Bikes take it to the streets in Urban Assault


The obstacles, which included such feats of skill as the “bike limbo” and “runt bikes,” offered a fun competition for bikers who were more interested in having a good time than serious competition. Some of the participants, such as Jen Rudy of Maple Grove and Karen Dong, of Lakeville, don’t have time to train for a major competition like a triathlon. They have families and work, but they still wanted to get out there and have a good time in a race that was “totally not intimidating.”

After the bike limbo, which was located at the Chipotle on Excelsior, Pete McGowan of Minneapolis said “I’m about to puke.” He found about the race from The Minnesota Off-Road Cyclists Website (http://www.morcmtb.org/), and says it’s the only race he’s ever done. “I heard there’s a big party afterward,” he said.

Indeed, the social aspect of the race is one of its main drawing points. Sponsored by New Belgium Beer, the race hosted a big party afterward. Even during the race, bikers chatted and joked with each other as they tried to pick up bottle caps while getting sprayed with water balloons. Volunteers, too, participated in the obstacle courses as gladiators of sorts, and talked and chatted with participants, offering water and a moment of companionship before the riders went off to the next course. Katy Rudolph, aka “Bootsy Bee,” was one of the volunteers at the limbo checkpoint, where volunteers were in charge of lowering the bar for the bikers to go under.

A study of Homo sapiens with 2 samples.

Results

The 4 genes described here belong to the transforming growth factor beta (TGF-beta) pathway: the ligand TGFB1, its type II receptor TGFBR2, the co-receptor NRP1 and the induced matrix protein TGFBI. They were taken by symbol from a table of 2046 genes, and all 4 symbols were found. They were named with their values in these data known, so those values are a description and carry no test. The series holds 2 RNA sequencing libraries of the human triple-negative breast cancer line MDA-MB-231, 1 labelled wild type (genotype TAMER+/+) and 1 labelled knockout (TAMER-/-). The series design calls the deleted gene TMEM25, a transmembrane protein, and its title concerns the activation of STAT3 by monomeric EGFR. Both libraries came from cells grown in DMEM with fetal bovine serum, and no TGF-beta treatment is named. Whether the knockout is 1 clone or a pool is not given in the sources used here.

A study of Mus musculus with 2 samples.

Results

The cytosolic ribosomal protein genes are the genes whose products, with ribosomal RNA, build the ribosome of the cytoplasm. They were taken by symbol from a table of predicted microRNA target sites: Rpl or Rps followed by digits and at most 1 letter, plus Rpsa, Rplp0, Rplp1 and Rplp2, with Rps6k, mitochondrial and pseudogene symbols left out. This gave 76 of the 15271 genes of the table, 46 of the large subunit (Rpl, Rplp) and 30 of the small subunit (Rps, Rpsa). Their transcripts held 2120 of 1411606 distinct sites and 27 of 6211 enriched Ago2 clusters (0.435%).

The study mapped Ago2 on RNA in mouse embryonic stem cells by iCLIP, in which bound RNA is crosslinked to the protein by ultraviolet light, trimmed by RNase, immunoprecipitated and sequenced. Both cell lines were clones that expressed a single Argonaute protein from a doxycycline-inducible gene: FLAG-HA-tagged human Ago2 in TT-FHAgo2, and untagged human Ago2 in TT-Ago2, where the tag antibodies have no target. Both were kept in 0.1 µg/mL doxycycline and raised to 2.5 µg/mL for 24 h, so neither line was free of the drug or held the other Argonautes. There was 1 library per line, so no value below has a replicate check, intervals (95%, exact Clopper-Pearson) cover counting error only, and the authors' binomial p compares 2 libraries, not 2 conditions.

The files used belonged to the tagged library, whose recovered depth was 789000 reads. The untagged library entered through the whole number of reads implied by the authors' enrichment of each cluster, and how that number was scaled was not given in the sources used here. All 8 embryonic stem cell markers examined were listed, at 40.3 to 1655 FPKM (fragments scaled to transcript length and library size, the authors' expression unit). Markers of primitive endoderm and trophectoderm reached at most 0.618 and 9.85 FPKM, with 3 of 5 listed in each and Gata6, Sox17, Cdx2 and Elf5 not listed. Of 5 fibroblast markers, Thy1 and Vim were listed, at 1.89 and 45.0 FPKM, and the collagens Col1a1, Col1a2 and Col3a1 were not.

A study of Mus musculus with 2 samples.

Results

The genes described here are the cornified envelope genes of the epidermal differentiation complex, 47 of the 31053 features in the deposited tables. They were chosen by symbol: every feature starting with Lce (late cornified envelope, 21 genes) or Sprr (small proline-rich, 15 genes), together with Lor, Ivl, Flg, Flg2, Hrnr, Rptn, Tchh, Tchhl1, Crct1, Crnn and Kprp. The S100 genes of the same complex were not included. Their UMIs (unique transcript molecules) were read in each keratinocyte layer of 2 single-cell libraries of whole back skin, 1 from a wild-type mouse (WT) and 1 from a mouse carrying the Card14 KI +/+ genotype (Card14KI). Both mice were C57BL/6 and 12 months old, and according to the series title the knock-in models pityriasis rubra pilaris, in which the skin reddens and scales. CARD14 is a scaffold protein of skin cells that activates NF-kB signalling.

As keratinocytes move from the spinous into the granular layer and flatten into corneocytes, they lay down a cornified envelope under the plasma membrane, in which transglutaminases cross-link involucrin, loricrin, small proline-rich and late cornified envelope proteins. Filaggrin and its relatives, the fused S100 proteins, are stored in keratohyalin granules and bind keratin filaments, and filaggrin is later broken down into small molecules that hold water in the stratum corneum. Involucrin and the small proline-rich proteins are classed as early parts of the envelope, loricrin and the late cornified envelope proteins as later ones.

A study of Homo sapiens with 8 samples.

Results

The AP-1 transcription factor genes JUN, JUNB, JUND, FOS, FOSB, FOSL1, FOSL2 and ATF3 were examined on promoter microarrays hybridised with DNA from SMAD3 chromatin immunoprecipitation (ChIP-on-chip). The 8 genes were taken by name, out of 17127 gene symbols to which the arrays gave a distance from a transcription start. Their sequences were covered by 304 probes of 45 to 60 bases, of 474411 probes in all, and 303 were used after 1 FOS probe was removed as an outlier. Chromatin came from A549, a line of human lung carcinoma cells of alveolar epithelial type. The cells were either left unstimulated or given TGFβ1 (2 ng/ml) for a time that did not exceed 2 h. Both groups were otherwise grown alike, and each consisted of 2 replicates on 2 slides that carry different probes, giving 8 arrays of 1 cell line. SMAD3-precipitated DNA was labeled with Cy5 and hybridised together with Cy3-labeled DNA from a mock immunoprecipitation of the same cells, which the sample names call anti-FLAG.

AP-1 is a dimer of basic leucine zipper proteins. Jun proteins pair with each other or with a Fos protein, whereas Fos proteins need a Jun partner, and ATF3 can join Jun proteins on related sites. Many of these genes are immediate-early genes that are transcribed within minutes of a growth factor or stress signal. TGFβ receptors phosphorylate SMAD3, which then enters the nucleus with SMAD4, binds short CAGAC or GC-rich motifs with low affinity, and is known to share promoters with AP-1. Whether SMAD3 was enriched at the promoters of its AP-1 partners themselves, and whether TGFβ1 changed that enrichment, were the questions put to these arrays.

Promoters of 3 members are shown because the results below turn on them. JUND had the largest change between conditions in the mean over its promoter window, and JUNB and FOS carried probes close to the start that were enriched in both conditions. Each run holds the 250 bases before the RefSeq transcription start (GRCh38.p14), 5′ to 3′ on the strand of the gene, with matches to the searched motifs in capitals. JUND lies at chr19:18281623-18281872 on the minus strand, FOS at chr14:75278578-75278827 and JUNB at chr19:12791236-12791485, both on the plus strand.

Underneath the fun and social aspects of the ride lies the more serious mission of the Urban Assault Ride: to encourage people to use bicycles more in their daily life. The ride had no set course, so teams of bikers had to map out their own route, and figure out how to navigate their way around the city.

Jody Quesnell, who, with her husband Tim, won second place in the race said: “We know the city, but we had to discover the bike trails.” Jody explained that she and her husband took a wrong turn, which cost them crucial time. “We took the scenic route,” Tim Quesnell corrects her.

Fiona Lockhart and Nick Bohrer won the race. Former triathlon athletes and regular commuter bikers, they knew all the back roads very well.

“Pure speed and strength isn’t enough,” said Lockhart, who admitted that they got lucky in going to the REI obstacle first, and didn’t have to wait in line to complete it.

Urban Assault Rides began in Austin, Texas six years ago. There are rides in Seattle, Portland, Fort Collins, Denver, Austen, Madison, and Chicago. The Austin ride is currently the biggest cycling event in Texas, with 1300 participants this year. Though this is the first year for Minneapolis, the inaugural year was the second largest Urban Assault Ride with 500 participants.

Sheila Regan is a theater artist based in Minneapolis. When not performing or writing, she serves as educational coordinator for Teatro del Pueblo.